Music is part of our everyday lives. As we walk down the streets, we hear songs echoing from car radios or tunes spreading from commercials. We hear people humming on the streets and maybe even we start singing songs of our own. However, for some people, music cannot be part of their life. Whether they are deaf or hearing impaired, it is very hard, if not impossible for them to hear the notes of a song. In order to help them, Apiwat (Peet) Anuntrachartwong created a device called Corus.
Corus was designed in the form of a C-shaped vibrational collar. It can be placed around the person’s neck and delivers musical vibrations. Its shape was designed to be as sleek and minimalist as possible. According to the designer, Corus was made to mirror modern simplicity that is also aesthetically pleasing.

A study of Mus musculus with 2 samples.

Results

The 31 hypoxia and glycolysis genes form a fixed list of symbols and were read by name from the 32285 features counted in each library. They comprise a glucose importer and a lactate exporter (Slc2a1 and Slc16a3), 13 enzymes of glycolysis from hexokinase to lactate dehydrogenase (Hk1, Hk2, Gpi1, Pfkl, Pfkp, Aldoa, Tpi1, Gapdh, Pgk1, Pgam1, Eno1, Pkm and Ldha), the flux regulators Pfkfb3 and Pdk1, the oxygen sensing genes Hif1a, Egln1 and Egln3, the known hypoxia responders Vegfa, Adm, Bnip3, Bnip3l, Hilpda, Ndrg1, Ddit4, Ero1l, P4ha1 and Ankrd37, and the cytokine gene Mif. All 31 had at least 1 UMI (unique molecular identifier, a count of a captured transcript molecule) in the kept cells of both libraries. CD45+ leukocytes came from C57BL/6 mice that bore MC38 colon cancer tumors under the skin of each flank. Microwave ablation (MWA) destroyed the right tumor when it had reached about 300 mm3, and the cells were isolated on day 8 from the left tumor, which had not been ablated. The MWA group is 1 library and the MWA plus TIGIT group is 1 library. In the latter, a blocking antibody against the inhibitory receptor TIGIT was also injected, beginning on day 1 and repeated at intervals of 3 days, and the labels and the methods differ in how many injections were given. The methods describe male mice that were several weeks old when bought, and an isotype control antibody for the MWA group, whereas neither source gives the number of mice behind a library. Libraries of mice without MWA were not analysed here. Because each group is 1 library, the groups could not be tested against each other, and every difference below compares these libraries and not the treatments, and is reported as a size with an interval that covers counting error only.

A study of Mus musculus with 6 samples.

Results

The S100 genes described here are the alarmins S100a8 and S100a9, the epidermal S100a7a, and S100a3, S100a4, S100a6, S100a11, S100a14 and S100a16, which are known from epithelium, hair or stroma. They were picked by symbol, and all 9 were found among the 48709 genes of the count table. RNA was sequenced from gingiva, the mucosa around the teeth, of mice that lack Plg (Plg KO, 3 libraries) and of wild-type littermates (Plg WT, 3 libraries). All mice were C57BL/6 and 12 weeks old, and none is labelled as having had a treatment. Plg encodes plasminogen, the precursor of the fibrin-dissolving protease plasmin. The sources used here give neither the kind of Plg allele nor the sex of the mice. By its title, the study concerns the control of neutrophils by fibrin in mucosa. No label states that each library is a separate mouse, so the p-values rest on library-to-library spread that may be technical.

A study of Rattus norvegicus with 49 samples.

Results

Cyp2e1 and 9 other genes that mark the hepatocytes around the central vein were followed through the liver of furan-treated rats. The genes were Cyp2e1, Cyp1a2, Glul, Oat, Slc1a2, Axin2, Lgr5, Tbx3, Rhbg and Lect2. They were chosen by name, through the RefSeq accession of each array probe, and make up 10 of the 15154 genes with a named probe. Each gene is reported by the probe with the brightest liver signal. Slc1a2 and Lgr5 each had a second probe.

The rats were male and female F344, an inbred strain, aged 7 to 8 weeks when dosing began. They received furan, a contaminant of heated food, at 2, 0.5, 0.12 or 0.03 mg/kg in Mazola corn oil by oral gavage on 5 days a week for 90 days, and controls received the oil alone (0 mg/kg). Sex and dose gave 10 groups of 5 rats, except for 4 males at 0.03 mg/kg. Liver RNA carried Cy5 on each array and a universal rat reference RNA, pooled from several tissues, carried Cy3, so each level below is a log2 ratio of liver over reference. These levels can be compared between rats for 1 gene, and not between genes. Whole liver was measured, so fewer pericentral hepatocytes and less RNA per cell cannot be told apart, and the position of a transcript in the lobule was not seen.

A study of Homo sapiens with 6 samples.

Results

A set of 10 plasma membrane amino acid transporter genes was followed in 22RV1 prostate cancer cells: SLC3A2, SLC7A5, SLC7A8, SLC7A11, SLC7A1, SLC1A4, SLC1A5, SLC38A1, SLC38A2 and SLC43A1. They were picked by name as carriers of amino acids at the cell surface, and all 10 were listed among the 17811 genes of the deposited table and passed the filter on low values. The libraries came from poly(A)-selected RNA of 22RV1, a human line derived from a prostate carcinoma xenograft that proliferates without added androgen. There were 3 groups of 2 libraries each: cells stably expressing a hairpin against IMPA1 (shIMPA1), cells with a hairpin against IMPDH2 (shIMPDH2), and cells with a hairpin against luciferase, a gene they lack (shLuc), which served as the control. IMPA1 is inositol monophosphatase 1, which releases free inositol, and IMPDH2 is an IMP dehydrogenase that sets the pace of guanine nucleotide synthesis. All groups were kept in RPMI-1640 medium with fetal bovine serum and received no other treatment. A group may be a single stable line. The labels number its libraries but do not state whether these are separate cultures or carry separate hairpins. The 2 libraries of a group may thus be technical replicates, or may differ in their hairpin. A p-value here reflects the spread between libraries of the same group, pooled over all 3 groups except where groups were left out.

“The name Corus comes from the mixing of the word ‘core’ and ‘chorus’. ‘Core’ represent the vibration that is the core of the sound, and ‘chorus’ is the part of the song structure, which is the refrain or a repeat of the catchy part of the song, represent the idea of the hearing impaired could ‘hear’ (feel) the music again like the chorus that comes back in the song,” the designer explained.
The idea behind the creation of this innovative device is that the emotional aspects of music can be translated in different ways. The different frequencies the skin will recognize through vibrations will thus evoke different feelings. Corus is based on a study that was conducted at Ryerson University in Toronto. There, developers created a chair that transformed acoustic signals into vibrations. Apiwat (Peet) Anuntrachartwong used this idea to develop the design and packaging of Corus for a Bachelor’s Thesis.
What do you think of Corus? Will it help people who suffer from hearing impairment?